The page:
Langemark Cemetary and Hitlers WWII visit

Updated May 23 2007; August 23 2011

Langemark was the scene of very heavy fighting during WW1.  The Germans suffered very heavy losses during the First Battle of Ypres.
There are more then 44000 soldiers buried at this cimetary.  25000 are in a mass grave.
During WWII on June 1 1940 Hitler went to the Flemish WWI front and one of his visits was this cimetary.
It was here that he met General der Infanterie Viktor von Schwedler of the IV Armeekorps.

Langemark was also the name used by the 27th SS Freiwilligen Panzergrenadier Division ( Langemark Flamische 1st Division ).

Special thanks to Eddy Lambrecht for providing new pictures.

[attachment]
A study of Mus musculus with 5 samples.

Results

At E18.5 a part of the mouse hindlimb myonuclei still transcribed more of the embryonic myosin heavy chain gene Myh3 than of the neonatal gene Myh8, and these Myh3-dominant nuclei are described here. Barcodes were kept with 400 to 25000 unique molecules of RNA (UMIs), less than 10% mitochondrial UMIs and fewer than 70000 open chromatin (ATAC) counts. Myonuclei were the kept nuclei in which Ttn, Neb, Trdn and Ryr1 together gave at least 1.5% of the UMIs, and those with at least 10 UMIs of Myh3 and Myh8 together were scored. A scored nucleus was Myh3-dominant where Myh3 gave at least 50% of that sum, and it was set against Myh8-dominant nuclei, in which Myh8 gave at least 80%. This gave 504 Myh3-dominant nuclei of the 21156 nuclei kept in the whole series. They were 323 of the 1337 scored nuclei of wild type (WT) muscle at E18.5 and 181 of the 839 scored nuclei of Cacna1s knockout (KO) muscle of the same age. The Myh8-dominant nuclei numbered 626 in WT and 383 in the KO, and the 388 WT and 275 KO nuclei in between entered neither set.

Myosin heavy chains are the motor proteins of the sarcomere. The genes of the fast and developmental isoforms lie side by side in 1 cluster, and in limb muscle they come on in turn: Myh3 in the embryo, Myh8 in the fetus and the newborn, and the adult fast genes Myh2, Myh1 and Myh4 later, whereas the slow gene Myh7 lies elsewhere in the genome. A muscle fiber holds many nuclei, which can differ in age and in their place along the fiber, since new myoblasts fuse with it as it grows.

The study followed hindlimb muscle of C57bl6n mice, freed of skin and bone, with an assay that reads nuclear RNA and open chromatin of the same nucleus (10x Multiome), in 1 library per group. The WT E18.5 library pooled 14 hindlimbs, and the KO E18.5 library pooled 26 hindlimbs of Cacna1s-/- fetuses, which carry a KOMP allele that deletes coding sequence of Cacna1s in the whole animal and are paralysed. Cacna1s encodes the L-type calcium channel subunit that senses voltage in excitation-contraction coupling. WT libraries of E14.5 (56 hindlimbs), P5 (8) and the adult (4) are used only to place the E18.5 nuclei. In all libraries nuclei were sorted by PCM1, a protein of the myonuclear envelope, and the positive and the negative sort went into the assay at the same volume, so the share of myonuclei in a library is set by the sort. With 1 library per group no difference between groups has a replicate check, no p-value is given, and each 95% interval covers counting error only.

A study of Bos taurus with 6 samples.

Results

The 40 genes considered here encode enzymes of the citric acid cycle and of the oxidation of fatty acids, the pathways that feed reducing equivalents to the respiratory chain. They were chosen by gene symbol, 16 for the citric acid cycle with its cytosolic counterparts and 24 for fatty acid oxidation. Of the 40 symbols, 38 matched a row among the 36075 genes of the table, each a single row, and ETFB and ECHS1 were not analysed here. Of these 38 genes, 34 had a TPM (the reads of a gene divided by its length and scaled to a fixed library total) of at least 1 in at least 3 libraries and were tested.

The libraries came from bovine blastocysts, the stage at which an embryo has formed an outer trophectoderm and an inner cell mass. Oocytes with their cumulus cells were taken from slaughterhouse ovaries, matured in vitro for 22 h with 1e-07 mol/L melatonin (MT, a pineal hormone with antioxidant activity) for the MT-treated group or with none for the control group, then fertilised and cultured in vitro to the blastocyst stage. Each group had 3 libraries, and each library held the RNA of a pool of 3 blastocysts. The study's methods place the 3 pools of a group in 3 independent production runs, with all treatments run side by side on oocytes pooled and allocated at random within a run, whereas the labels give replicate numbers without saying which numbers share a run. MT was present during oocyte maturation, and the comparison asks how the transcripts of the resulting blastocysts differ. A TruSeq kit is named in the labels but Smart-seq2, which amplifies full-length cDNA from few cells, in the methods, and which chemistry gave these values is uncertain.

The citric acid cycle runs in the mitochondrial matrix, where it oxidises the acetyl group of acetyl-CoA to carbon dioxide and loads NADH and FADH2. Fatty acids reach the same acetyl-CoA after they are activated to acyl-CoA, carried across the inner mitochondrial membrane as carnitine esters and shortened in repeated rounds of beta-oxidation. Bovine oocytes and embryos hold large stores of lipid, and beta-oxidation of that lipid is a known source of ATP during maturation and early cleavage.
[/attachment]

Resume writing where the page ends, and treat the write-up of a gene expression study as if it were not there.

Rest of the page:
When mentioned pictures are © 2011 Eddy Lambrecht.

Right: Same place approximately.  Picture probably taken between May 26-June 1 1944.  Picture provided by Eddy Lambrecht.

The 'Mourning Soldiers' looking directly at the visitor.


Very different of a Commonwealth wargrave.

The four mourning soldiers.  A sculpture from Professor Emil Krieger.  It was inspired by the picture below.
The statues are very impressive.  Even on a cloudy day it is almost impossible to see their faces.


Behind Hitler: General der Infanterie Viktor von Schwedler



Exact location isn't found(yet)


The picture says May 1944, presumed to be taken prior to Hitler's visit on June 1 1944. Picture Eddy Lambrecht.

Another picture provided by Eddy Lambrecht.  Relaxed German WWII soldiers.
Langemark has been taken around May 26 1944 and the Belgian Army surrendered on May 28 so I believe these pictures must have been taken somewhere between May 28 - June 1 1944.